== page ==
There is an anticipated eight-month wait until the southern train line will be entirely up and running again.
Riana Scott, spokesperson for Metrorail said a local service provider had been appointed to do the repairs and was busy sourcing equipment.
She also quashed rumours that Metrorail were using only foreign service providers to repair their southern line, in particular at the Albertyn and Uxbridge level crossings.
Metrorail’s online blog details the incident and its repair process.
On Saturday January 28, a truck crashed into the boom gates at the Albertyn crossing near False Bay Station.
This caused massive disruptions to the southern line. Part of the damage included the overhead wires, which carry up to 3 000 kilovolts of power. These wires landed on the tracks, sending fault currents through the track-signalling equipment, which in turn caused further damage to the signalling interlocking system in the relay room, housed nearby.
This interlocking system, which regulates all signals which guide the movement of the trains, controls the entire signalling system between False Bay and Kalk Bay.
The reason it is taking so long to repair the damage is because the materials have to be imported from Germany and India.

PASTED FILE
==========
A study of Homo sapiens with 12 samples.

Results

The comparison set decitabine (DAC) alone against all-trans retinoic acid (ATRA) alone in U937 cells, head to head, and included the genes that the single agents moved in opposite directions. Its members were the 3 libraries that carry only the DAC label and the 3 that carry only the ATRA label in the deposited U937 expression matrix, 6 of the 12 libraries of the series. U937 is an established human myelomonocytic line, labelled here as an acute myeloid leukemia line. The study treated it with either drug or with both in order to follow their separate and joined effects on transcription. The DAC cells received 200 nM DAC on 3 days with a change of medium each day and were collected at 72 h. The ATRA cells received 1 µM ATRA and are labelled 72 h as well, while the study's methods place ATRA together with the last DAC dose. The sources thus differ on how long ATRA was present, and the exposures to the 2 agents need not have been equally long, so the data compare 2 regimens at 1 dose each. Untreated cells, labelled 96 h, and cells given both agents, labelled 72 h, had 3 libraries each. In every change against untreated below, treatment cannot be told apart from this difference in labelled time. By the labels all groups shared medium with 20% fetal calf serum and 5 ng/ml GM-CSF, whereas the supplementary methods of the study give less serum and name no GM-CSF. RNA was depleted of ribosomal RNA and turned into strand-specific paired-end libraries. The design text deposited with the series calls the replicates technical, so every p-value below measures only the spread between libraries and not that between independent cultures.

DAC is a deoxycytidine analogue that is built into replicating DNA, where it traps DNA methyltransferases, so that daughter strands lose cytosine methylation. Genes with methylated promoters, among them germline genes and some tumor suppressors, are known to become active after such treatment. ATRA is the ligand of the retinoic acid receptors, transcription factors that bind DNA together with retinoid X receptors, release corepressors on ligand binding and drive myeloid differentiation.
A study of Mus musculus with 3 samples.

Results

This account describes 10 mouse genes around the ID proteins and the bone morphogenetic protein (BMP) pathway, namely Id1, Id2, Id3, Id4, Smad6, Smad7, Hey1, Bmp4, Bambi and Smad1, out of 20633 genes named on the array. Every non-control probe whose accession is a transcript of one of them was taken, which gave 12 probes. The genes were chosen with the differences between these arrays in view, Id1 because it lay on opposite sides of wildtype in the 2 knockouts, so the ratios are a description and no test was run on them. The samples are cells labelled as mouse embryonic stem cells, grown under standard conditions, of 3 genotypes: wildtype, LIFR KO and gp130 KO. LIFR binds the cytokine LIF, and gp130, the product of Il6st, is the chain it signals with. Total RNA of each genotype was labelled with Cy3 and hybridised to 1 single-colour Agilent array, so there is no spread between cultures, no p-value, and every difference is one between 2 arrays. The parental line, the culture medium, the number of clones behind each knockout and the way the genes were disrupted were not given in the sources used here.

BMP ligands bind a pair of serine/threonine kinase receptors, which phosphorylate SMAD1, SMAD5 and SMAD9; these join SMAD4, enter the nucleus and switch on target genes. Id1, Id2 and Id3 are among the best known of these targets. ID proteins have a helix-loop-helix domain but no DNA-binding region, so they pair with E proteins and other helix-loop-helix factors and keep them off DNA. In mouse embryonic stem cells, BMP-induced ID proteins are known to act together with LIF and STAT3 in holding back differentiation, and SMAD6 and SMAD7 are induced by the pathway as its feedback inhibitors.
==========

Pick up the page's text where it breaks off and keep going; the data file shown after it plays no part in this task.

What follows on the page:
Metrorail advises that people allow for an extra 20 to 30 minutes of travelling time between Cape Town and Retreat and allow for between 40 to 60 minutes longer if travelling between Retreat and Fish Hoek.
There is still a bus shuttle working between Fish Hoek and Simon’s Town.
The website cautions not to be fooled by optical illusions and warns that trains are often travelling faster than you think and are often closer than you think.
““We do our utmost to provide crossing attendants at the level crossings currently impacted by the reconstruction, and repairs, after a heavy delivery truck decimated our signalling infrastructure,” Ms Scott said.
“Most level crossings do not have suitable facilities – like ablutions or shelter – for attendants. There are Protection Services employees who are temporarily re-assigned to assist,” Ms Scott said.
She explained that trains had right of way at road/rail level crossing intersections as they operate on fixed infrastructure and cannot take evasive action during emergencies.
Further safety measures by Metrorail include that:
* Train drivers are obligated to sound sirens on approach to level cross-
* Trains operate with their head lights on bright;
* Trains currently operate at a reduced speed; and
* Regular awareness drives are held at these level crossings to make users aware of the above.